Few Public Workers Participate in Employer-Provided Financial Education Programs

As inflation and economic turmoil linger, a new report from MissionSquare Research Institute finds 88% of public service employees are worried about their finances and financial decisions. Among those who worry, 77% report doing so while at work, an increase from 66% in 2019.

The research also finds 40% of public service workers report that their employer offers a financial literacy or financial education program, up from 29% in 2019.  Among those offered a financial literacy program by their employer, only 35% have participated in the program. However, 67% of those not offered or not participating in an employer-provided financial education program indicate they would likely participate in the near future or if offered one.

These findings are detailed in a new research report, Public Sector Employee Financial Wellness Program Needs and Preferences: 2022 Survey Results. Read the research.

A webinar is scheduled for Tuesday, May 9th at 1:00 PM ET to review the research. Register here.

“With the vast majority of public sector workers worried about their personal finances while on the job, effective employer-based financial literacy programs can benefit both employees and employers” said Rivka Liss-Levinson, PhD, MissionSquare Research Institute Senior Research Manager and author of the report. “Public service workers are showing a strong interest in financial wellness, and they believe it is important for their employer to provide such programs. The good news is that we’re seeing an uptick in public employers offering financial education programs, along with positive changes to financial behaviors among program participants.”

Additional key research findings are as follows:

  • Only 19% of workers currently offered a financial literacy program report that their employer offers any rewards or financial incentives for participating in or successfully completing the program. Yet, 74% of those interested in a financial literacy program said that rewards or financial incentives would motivate them to participate,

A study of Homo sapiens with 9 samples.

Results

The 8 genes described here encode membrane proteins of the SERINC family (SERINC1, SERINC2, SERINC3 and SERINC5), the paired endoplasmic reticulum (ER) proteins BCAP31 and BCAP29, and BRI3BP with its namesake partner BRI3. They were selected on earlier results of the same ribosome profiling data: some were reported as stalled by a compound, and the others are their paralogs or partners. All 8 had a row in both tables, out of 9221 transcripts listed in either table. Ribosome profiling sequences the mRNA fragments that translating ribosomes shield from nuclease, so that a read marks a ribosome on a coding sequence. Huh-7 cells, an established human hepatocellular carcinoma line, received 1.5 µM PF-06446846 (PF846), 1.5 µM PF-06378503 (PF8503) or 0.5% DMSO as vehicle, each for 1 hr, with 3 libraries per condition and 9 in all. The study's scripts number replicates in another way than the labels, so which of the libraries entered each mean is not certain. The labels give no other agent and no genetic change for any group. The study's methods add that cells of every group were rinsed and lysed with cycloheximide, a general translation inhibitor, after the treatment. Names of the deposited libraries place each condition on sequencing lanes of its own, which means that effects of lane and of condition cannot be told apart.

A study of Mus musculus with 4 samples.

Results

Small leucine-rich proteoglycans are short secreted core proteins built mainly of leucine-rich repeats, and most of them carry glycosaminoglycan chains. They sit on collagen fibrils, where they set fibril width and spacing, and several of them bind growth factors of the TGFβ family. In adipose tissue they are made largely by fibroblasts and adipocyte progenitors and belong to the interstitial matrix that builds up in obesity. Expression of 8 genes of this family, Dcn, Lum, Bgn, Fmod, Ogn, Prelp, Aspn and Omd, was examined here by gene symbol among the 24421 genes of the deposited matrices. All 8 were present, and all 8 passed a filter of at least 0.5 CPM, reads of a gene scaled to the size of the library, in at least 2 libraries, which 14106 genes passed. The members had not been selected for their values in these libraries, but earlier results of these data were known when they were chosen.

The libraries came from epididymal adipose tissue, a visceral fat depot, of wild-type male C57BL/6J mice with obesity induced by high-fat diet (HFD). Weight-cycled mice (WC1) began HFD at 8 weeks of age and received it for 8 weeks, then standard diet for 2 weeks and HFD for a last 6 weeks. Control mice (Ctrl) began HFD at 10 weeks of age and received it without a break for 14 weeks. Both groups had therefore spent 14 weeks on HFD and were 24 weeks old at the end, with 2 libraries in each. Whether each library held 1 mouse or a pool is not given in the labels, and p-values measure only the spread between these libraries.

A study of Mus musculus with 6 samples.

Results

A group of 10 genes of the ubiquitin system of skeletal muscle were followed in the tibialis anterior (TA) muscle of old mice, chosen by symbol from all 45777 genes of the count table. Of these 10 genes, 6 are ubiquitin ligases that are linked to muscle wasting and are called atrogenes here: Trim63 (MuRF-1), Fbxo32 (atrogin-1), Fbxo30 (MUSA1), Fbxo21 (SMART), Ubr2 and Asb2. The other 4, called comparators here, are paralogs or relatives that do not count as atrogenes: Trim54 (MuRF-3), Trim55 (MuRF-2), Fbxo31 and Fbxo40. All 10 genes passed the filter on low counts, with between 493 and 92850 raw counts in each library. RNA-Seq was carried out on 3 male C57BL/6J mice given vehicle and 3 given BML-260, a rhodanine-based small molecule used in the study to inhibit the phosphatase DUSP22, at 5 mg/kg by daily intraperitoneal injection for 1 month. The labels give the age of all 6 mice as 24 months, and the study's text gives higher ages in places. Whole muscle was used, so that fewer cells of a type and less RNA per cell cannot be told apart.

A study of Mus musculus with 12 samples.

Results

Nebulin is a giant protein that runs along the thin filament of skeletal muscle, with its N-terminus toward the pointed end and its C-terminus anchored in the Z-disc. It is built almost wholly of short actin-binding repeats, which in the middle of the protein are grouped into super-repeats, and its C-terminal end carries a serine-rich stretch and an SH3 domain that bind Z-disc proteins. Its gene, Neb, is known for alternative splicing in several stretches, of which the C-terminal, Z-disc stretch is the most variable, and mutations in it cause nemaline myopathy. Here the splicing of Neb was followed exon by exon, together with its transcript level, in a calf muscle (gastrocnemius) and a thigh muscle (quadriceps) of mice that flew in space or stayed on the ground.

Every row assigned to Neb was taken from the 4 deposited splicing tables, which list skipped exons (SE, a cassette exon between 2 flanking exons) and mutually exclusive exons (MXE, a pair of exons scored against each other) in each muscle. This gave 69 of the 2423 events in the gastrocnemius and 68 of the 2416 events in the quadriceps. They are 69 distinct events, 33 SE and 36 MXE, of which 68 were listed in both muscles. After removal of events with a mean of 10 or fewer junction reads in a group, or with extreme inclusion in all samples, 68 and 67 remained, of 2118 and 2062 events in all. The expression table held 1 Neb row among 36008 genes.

• The three topics most frequently covered by financial education programs are planning for retirement (58%), investments (49%), and insurance (35%).
  • While financial literacy programs are most often offered through an in-person class or workshop (32%), a webinar (31%), or one-on-one in-person coaching (23%), respondents’ preferences for how a program would be offered are quite different. Among those currently being offered a program, the top three preferred approaches were webinars (51%), interactive online courses (47%), and one-on-one in-person coaching (45%). Among those without a program, the top preferred approaches were interactive online courses (45%), in-person classes or workshops (43%), and one-on-one in-person coaching (41%).
  • Program information is most likely to be communicated by the employer via email (67%), through the employer website/intranet (33%), or with printed flyers/materials (19%). These are also the top three ways that employees would like information communicated.
  • Only 14% of financial literacy programs are offered to non-employees, such as spouses and dependents. And while 68% of respondents believe programs should be tailored to different groups of employees, far fewer report any program tailoring.
  • Of those who participate in their employer’s financial literacy program, 68% are very or somewhat satisfied with the program. Many report that their employer’s financial literacy program has led them to make changes to their financial behaviors (68%), has bolstered their overall financial health (62%), makes them less worried about their finances and more productive at work (60%), or has improved their general morale at work (52%).
  • Seven in ten respondents (71%) feel it is important for their employer to offer a financial literacy program. This is an increase of six percentage points from 2019. And 61% say they rely on their employer’s financial wellness program as a source of financial planning information.

This report is based upon a nationally representative online survey of 1,002 full-time state and local government employees conducted by Greenwald Research from November 7 through November 30, 2022. The survey assessed public sector employees’ financial wellness program needs and preferences.

MissionSquare Research Institute gratefully acknowledges the support of the Wells Fargo Foundation to undertake this research project.


MissionSquare Research Institute promotes excellence in state and local government and other public service organizations to attract and retain talented employees. The organization identifies leading practices and conducts research on retirement plans, health and wellness benefits, workforce demographics and skill set needs, labor force development, and topics facing the not-for-profit industry and education sector. MissionSquare Research Institute brings together leaders and respected researchers. More information and access to research and publications are available here.